Building economic advantages
Over the last couple of weeks, I had the opportunity to work with the Joint Standing Committee on Labor, Commerce, Research and Economic Development on a bill I authored, LD 679 Resolve, To Leverage Federal Opportunities for Job Creation in Maine. I was very pleased when the Committee gave this bill their unanimous support and sent it on for passage on the floor of the House and Senate.
I introduced this legislation because the state has an essential role in the process of job creation and promoting new investment for all of our communities -- and I want our state to be working smart. In our part of the state, we are seeing sustained economic turmoil as our traditional, resource based industries seem to be losing some of their competitive advantage in an expanding world market, and we are not yet finding those new economic opportunities that will provide the jobs and prosperity for dislocated workers as well as those people who are newly entering the workforce.
Economic development is really a mosaic where many pieces have to be identified and fall into place in order for us to be successful. Jobs must be created by the private sector, but the state has a role to play in creating a climate for business to grow and for entrepreneurs to invest. The marketplace is competitive -- with incentives being offered by state and local governments to attract new investments and encourage the creation of new jobs.
The federal government, too, has been playing a role in providing stimulus for economic development. The best of that stimulus role has come when the federal government has created incentives to investment in new and expanding sectors -- both manufacturing and service business. As our economy continues to struggle, the federal government has been developing new approaches and devoting new resources to job generation at the local level. While the federal budget is tight -- and getting tighter, there will continue to be resources and investments from the federal government to maintain and stimulate our economic and job growth.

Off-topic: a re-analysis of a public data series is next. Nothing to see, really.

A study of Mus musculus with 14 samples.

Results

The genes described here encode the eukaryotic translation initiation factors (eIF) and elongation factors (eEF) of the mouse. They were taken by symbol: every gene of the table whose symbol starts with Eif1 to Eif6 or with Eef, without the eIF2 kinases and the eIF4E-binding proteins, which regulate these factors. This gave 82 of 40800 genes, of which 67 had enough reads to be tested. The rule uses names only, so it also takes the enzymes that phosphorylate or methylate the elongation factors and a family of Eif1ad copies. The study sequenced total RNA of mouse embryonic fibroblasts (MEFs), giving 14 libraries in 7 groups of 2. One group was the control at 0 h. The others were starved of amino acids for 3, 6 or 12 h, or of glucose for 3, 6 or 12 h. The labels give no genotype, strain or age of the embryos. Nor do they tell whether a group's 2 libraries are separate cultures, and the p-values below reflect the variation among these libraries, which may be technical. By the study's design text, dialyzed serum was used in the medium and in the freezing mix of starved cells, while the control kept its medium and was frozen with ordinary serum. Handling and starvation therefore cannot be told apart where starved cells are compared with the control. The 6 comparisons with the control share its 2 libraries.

The purpose of this bill is very simple -- to make sure that our state and local policy leaders in economic development are looking for all of the ways to maximize our use of available federal resources, and that we are coordinating state investments -- both existing and emerging -- with those federal opportunities.
Even though I do not have an extensive business resume, I do understand the simple concept of leverage, and that is my goal with this bill. Maine needs to make sure that the business tools we have in place can take maximum advantage of targeted federal business incentives. This is a developing landscape, and I expect we will see some new initiatives as we enter the 2012 election cycle. I want to be sure Maine is positioned to take the best advantage of any of these emerging opportunities.
To that end, the bill proposes that the Maine Department of Economic and Community Development monitor and evaluate the existing and emerging federal development incentives, analyze how state programs and resources -- including tax policies, training programs and everything else -- coordinate with these federal initiatives. The question is simple -- Are we maximizing our position to take advantage of resources to create new quality jobs for Maine citizens?
There is no new cost attached to this initiative; we are not creating a new bureaucracy or a new study commission or other entity. Instead, the bill attempts to raise an important issue and ask the Department of Economic and Community Development to examine alternatives and report back to the Legislature by the end of the year. In this way, we can determine if there are areas where we can suggest new policies or approaches that may complement our efforts to expand jobs and economic activity in the state.
A great deal of attention is being focused on the business climate in Maine -- questions are being raised about the regulatory environment and obstacles that it may raise to the expansion of businesses and jobs. I think these are important questions and issues that we should be addressing.
This bill tries to take a complementary approach -- instead of looking at the obstacles, the Department of Economic and Community Development should be looking at the opportunities we might have if we can better leverage federal, state and local resources to expand our employment and business base. We need to be looking at both sides of this equation if we are really going to do our best as a body intent on strengthening the Maine economy.
I am gratified by the support from my colleagues in the Legislature for this common sense idea sending it to the floor with a unanimous recommendation. I look forward to this being one more piece in the larger puzzle of encouraging investment and creating new jobs for the River Valley and the entire state of Maine.